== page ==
Kids under fire
While every other blogger might have been vigorously pounding at their keyboard by now commenting on the Jesus Camp film, here's my observation for what it's worth.
As depicted in the documentary that came out two weeks ago in the United States, a Christian youth camp called Kids on Fire was underway in North Dakota having children speaking in tongues, weeping uncontrollably for their sins (which seemed to have been owned up to by scare tactics), and claiming the nation for Jesus by being soldiers for Christ who are willing to die for the cause of God. As one boy put it, "A lot of people die for God, and they're not afraid."
The film in dispute opens up an old debate on religious radicalism, an ill-treated topic in the public sphere. Now the issue seems to be aggravated by throwing children into the mix.
I think people at the Jesus Camp are seriously misguided to inject militant ideas into Jesus' teachings and then indoctrinate youths with what's not taught in the Bible to begin with. Pastor Beckey Fischer of Jesus Camp said she wants to see children as "radically laying down their lives for the gospel as they are in Palestine, Pakistan and all those different places." Granted that's a noble sentiment, I would love to ask Pastor Fischer just how exactly does she intend children to do that. While Christian martyrs in Palestine essentially face persecution by literally laying down their lives to those who want to take it (contrast that to so-called martyrs who wouldn't mind taking other people's lives along), which I believe is what Pastor Fischer meant by radically laying down one's life, it is only silly for Christian kids in America to be ready to lay down their lives in that sense when the persecution they might get more than anything else in their own country is that blank embarassed stare of disconnection from their schoolmates when they start to utter religious babbles. Not unless Fischer intended to station the kids in Iraq at the end of the camp.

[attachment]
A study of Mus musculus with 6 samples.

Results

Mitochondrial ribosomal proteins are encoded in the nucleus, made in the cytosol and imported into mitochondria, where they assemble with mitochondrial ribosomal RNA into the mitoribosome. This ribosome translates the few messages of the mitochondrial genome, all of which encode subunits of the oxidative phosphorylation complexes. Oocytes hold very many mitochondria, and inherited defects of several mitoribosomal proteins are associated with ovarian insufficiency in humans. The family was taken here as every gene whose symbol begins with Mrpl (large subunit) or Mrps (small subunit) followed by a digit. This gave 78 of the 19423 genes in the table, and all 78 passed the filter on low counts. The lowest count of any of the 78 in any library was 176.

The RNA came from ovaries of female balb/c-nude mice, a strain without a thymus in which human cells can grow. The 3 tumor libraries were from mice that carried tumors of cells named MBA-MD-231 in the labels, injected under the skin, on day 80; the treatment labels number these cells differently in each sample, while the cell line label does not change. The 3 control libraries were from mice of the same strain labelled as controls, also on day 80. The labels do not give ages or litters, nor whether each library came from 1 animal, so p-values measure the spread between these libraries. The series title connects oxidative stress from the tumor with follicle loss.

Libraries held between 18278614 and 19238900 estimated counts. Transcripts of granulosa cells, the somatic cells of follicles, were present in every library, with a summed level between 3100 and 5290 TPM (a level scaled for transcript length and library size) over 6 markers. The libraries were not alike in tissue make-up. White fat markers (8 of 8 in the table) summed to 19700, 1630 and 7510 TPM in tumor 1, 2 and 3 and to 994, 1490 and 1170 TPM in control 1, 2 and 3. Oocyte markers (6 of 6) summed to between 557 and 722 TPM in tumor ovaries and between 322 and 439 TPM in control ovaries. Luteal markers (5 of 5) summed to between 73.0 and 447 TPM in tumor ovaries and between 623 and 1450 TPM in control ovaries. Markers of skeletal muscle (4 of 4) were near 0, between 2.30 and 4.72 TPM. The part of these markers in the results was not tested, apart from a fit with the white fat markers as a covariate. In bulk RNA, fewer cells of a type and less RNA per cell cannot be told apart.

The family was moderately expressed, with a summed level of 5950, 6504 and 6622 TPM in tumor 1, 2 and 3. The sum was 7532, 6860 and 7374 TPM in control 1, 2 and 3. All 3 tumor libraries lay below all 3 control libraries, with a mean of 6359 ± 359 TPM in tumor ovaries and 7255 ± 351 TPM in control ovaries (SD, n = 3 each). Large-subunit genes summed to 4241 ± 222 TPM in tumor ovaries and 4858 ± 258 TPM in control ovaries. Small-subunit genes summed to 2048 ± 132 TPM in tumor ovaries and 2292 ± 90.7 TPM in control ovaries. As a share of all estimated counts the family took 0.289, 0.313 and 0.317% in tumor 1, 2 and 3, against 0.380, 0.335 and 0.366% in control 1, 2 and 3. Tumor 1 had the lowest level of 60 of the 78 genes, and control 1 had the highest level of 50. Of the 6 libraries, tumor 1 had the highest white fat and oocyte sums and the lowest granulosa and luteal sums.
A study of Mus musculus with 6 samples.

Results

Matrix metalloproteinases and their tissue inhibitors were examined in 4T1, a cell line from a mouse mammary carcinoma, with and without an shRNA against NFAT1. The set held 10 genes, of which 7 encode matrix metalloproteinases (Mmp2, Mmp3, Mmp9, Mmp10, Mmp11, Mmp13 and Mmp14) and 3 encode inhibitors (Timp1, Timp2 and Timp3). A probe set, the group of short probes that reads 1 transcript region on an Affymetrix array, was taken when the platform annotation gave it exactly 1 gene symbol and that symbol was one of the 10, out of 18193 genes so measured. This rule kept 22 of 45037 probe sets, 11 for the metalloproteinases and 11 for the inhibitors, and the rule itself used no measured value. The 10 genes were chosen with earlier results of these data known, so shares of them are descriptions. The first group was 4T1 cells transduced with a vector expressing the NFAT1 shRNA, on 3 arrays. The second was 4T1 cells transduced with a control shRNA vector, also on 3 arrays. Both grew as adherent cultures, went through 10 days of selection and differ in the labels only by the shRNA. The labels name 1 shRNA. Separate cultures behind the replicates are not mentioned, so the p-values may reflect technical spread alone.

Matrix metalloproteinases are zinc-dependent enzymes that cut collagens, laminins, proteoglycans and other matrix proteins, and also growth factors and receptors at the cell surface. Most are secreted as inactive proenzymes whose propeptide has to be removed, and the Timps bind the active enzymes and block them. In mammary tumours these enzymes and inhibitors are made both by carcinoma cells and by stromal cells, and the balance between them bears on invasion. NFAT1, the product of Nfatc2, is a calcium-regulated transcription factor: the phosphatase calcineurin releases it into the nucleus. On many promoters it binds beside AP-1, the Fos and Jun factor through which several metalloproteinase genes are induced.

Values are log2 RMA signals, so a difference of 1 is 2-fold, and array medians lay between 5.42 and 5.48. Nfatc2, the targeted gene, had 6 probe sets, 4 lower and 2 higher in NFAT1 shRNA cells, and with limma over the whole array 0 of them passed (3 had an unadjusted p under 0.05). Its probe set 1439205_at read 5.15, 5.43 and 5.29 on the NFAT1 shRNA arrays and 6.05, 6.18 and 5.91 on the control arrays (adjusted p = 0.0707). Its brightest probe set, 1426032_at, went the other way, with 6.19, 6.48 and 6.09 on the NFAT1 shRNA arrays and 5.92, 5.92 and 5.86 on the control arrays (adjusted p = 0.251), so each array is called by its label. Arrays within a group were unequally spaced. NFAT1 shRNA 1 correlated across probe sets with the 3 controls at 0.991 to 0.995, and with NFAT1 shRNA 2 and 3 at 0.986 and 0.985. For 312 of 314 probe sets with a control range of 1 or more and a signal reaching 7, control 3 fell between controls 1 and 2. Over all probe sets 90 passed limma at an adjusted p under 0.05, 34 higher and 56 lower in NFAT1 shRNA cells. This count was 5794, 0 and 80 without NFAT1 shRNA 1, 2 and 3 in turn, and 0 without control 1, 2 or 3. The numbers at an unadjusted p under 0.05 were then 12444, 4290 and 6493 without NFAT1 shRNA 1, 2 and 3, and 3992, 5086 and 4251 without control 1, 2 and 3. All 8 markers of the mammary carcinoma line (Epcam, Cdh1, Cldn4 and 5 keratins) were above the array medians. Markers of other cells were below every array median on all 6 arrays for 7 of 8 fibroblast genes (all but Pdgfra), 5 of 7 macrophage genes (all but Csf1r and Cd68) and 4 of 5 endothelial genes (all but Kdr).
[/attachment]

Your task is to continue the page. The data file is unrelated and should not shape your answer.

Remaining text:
It is certainly easier to pound military slogans into the minds of little ones over the weekend in the name of truth and fun—which is a very strange combination by the way—than committing to the painstaking process of real Christian education, which involves critical thinking rather than propagation of religious catchphrases that could be confusing even to grownups. By the way there's nowhere in the Gospel accounts where Jesus was recorded as commissioning His disciples to die for Him either as a means or an end to their faith, which is what the Jesus Camp seems to be explicitly promoting to children. You can't really blame the media for equating Evangelicals with al-Qaeda terrorists when you have people like this misrepresenting Jesus.
It got me worried about the kinds of trash they feed the kids with at the camp, when a little girl of ten or so was shown going to a bowling alley and striking up conversations with strangers that begin with, "Hi, God spoke to me today and He told me..." One wonders if God has really spoken in that instance (see A Private Hot Line to God? by Greg Koukl). And you know you've really had it when children are shown worshipping in front of a cardboard cutout of George W. Bush.
One thing this reminds me of is the immense power of children to imitate. Left with no choice of better Christian examples to follow, kids will follow anyone that comes along and claims to offer them the truth. Rather than preparing children to advance the much-needed Gospel in the world, the Jesus Camp was nothing more than a circus frenzy with a serious role confusion that mistakes themselves as the militant Jesus at end times. Though I'm sure they really meant well, the effort is so farcical it's sad.